Authors have skeptics. Patrick Burkart writes for his. Critics describe the pirate political movement as uninformed and unreliable. Burkart disagrees. He argues that pirates can help protect the digital commons from a dangerous upward ratchet of intellectual property rights (IPR). Activists within the pirate movement define the digital commons as information resources created by the Internet, including Wikipedia, remixes, and fan fiction.
This book has three parts. First, Burkart analyzes pirate politics as an anti-colonialist, cultural environmentalist movement to defend the “unpenetrated” digital commons from IPR regulation. The pirate political movement arose from a culture of online sharing. Circa 2006, “male software programmers and file-sharing geeks” broke out of the Internet and into normative politics. Tumultuous protests over a police crackdown on the Swedish file-sharing search engine, The Pirate Bay (TPB), marked the pirates’ formative years. Eventually, the party matured into a “generational movement,” spawned the Pirate Party International, and entered the European Parliament.
Second, the book details European antipiracy initiatives, which the text frames as EU domination over its member states. Pirate Politics particularizes the threat as IPR harmonization, which the pirates believe colonizes, or normalizes, the primeval Internet to “tame it for business.”
To be sure, a pre-colonized Internet has never actually existed. Yet, the colonization analogy helps to visualize the pirate struggle. In part three, Pirate Politics draws on Habermasian theories of the “new social movement” (NSM), and “communicative rationality,” to theorize pirate resistance to IPR harmonization. Burkart argues that pirates perform identity politics for networked publics.
Pirate Politics is an excellent resource for anyone interested in the digital commons, youth identity politics, or EU-member relations. However, this history also adopts an explicit vantage. Geopolitical events gain meaning in the book when they help show that pirates “did not emerge ‘out of nowhere.’” In short, Burkart narrates struggle over the digital commons from the perspective of a pirate politics origin myth. Mostly missing are the details. What actions did pirates take, exactly? With what impact? How much credit should they get for IPR reform efforts, when broad coalitions all opposed European IPR harmonization? Burkart neither asks these questions nor provides the information to attempt answers.
Some readers may try to fill in the gap by imagining pirates with more agency than they actually have. Others may find that Burkart minimizes the movement: Pirate parties exist in sixty-nine countries and on every continent, but only Swedish, German, and British pirates appear in this book. A more global perspective would be a useful sequel.
Pirate Politics offers a rare peek inside the information-digestive track of the pirate movement. Yet, reading this book left me wondering whether it analyzes pirate politics, or participates in it. Burkart tells us his motive is to “flesh out” pirate agency. Does he mean to explain, or to enhance?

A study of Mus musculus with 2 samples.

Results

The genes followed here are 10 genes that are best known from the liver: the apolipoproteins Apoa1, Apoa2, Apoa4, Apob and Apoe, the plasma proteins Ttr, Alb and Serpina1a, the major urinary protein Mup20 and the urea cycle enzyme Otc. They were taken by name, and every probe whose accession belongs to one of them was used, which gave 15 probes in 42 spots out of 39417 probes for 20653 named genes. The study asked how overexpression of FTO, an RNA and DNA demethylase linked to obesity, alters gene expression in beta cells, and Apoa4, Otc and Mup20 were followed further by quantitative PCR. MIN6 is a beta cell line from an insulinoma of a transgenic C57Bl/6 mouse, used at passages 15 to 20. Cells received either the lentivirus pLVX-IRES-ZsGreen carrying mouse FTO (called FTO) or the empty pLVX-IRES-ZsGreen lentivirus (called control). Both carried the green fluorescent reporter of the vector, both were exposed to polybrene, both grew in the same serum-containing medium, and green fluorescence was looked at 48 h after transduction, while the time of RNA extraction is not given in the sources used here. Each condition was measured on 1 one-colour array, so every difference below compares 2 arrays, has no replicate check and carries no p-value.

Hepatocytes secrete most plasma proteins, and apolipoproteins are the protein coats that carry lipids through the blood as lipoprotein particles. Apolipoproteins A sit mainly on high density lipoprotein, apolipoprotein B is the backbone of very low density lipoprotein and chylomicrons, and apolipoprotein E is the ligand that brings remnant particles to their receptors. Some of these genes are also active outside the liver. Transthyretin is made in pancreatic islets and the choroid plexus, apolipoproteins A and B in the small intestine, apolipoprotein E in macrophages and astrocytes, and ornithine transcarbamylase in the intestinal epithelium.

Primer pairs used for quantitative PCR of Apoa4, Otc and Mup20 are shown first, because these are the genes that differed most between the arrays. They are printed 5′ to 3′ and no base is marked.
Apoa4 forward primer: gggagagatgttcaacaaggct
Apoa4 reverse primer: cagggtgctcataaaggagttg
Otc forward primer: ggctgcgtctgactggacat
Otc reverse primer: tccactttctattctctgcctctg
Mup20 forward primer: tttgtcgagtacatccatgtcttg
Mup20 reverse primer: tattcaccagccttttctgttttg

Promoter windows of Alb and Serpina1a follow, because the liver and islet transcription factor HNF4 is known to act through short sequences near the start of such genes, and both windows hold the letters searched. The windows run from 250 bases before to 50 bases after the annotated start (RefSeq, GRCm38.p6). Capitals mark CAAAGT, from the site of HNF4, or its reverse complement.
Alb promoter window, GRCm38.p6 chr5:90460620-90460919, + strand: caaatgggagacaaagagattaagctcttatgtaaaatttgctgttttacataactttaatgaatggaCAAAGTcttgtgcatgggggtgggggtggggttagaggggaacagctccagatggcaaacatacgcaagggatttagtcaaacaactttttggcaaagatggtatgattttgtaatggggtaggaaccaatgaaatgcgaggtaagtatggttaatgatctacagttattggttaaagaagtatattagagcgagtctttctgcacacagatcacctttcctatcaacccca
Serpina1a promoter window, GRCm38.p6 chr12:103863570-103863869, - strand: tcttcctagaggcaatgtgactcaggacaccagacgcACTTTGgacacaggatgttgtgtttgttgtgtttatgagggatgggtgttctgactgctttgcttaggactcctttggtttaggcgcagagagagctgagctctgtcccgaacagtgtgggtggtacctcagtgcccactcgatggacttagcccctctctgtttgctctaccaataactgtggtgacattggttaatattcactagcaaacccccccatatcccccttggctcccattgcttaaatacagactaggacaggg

For example, it’s unclear whether the book’s vaguely Edenic portrait of a “natural” Internet describes the pirates’ view of a digital commons, or Burkart’s as well. On first glance, such author-subject fusion could be good: Mythmaking can be productive, after all. But Burkart need not have disavowed pirate mythology in order to identify and reflect on it. By declining to do so, the book misses an opportunity to theorize pirate mythmaking as a form of political agency in and of itself.
The problem with overlooking, or even reproducing, pirate mythology is that some of these fantasies are dangerous. The German pirates, who in 2011 entered the Berlin Parliament, found that their open access ideals came back to haunt them. First, acting on profound commitment to government transparency, they aired their internal squabbles. Next, strong belief in direct democracy left them vulnerable to neo-Nazi infiltration. Finally, faith in a knowledge commons built from radical free communication inhibited the pirates’ capacity to contain hate speakers. Media amplified these challenges, and discredited the pirates as incompetent leaders.
To be fair, Burkart acknowledges the “regressive potential” of some ecological arguments. “Some” cultural politics that seek to recover nature, he cedes, “can wind up as...racism.” But the book as a whole mostly elides the paradox that some pirates’ defense of the digital commons bleeds into anti-EU nationalism. Rather than examine the “regressive potential” in depth, Burkart asks whether a populist, xenophobe’s financial investment in TPB undermines Burkart’s own attempt to theorize pirate politics as a “new social movement.” This question misses the point.
Pirate politics, complete with its digital commons mythology, wields both productive and problematic agency. Overlooking its seedy, neo-fascist undersides leaves the movement susceptible to cooptation from undesirable coalition participants. A more holistic theory of commons ideologies might avoid this result.
Burkart builds a forceful case that pirate politics matters. Most impressive, he achieves what is also one of the pirates’ greatest accomplishments: making Internet politics accessible, and thereby paving the way for a more inclusive digital commons movement.